I just purchased a few NOS Prism Snapshots.  I had a 1.2 and loved flying it so bought a two in bigger sizes. Is there any recommendation for changing line sets based on age?




Dyneema/Spectra are both HMPE line sold under many names like LaserPro Gold line, Shanti Speed line, SkyBond, and more.  That's currently the best stuff for sport kites, and probably what you've got.

Older sport kites often used Kevlar, and a few places still sell it for high lift kites and special applications. Kevlar rubbing against Kevlar works okay, but it rips up HMPE line when they rub together so don't mix them. Cotton line is cheap and sometimes used with inexpensive kites, it also doesn't play well with others. Same with other types. No matter the type, Kevlar, Dacron, polyester, nylon, cotton, and waxed lines all have their uses but don't mix them when flying with other people.

 





If your new line set only cost $20

I ordered a Prism replacement set.  Flew a lot of hours on the original lines with other foils.  What is the benefit of high end lines with a foil?


Lines are your only connection to your kite. You can feel it, little gusts, lulls, how it reacts, better with them. Higher end lines also don't stretch as much during flight, again giving you better feel. It might not be quite as important on a foil, but you will definitely feel the difference on the framed kites.

If you flew a lot on the original set - quite possible you might have nicked them and they failed due to that. Or they may have just simply worn out. I have older lines I still use today. But I'm careful to match kite and lines to my wind. Look at the lines - are they fuzzy looking? Probably fairly worn. Especially at the point the lines cross each other. Better lines use a tighter weave and handle the "crossing" .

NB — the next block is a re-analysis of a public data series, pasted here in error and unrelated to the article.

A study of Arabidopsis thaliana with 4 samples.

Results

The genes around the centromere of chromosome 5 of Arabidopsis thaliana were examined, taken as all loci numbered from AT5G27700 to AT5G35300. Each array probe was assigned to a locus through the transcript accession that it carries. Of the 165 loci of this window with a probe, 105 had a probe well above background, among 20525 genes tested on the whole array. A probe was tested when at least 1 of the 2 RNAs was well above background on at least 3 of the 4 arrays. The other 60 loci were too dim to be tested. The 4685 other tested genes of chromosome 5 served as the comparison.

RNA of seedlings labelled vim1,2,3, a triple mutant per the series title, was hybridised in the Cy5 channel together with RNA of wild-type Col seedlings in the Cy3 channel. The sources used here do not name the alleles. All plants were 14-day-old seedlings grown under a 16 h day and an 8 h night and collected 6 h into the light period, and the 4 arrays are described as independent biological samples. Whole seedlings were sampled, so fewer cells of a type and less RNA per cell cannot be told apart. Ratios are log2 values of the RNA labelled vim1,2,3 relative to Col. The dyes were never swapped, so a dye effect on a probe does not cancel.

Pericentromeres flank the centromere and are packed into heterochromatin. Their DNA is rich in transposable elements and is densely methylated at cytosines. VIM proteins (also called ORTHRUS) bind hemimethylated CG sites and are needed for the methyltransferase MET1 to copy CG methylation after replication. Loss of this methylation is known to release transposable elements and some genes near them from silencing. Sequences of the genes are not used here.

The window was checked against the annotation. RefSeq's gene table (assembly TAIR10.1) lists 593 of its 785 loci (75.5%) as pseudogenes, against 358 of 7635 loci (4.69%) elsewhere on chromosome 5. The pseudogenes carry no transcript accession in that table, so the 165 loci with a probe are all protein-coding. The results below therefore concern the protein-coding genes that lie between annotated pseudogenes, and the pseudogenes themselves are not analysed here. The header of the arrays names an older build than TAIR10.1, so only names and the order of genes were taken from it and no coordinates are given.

As with most things - let your budget be your guide. But try to get the best lines you can afford.





Most breaks happen at the sleeves.

Knots are weak points to be sure, so the knot you use is important.

People have done comparisons of different knots and their breaking strength, you can find many comparisons at climbing web sites since they risk their lives based on the strength of their knots and ropes. Fishing sites also have comparisons of knot breaking strength.

In addition to the choice of knot, the sleeve generally improves strength of the knot.

Overhand knots are rather weak knots, giving about half the breaking strength, meaning a line that normally breaks at 100 lbs will instead break at around 50 lbs with an unsleeved overhand knot.  Adding sleeving will add some strength, but it still breaks relatively easily.

That means your 90# line with an unsleeved overhand knot breaks at about 45, your 150# line breaks at about 75, your 300# breaks at 150. Obviously not ideal.

A figure 8 loop is only slightly more effort to tie and has a much higher breaking strength, around 70%-80% strength unsleeved and around 90% sleeved, and is the knot most climbers use for their harnesses. If you can spend the time and effort, a  splice loop is nearly 100% of full strength, and will be strongest.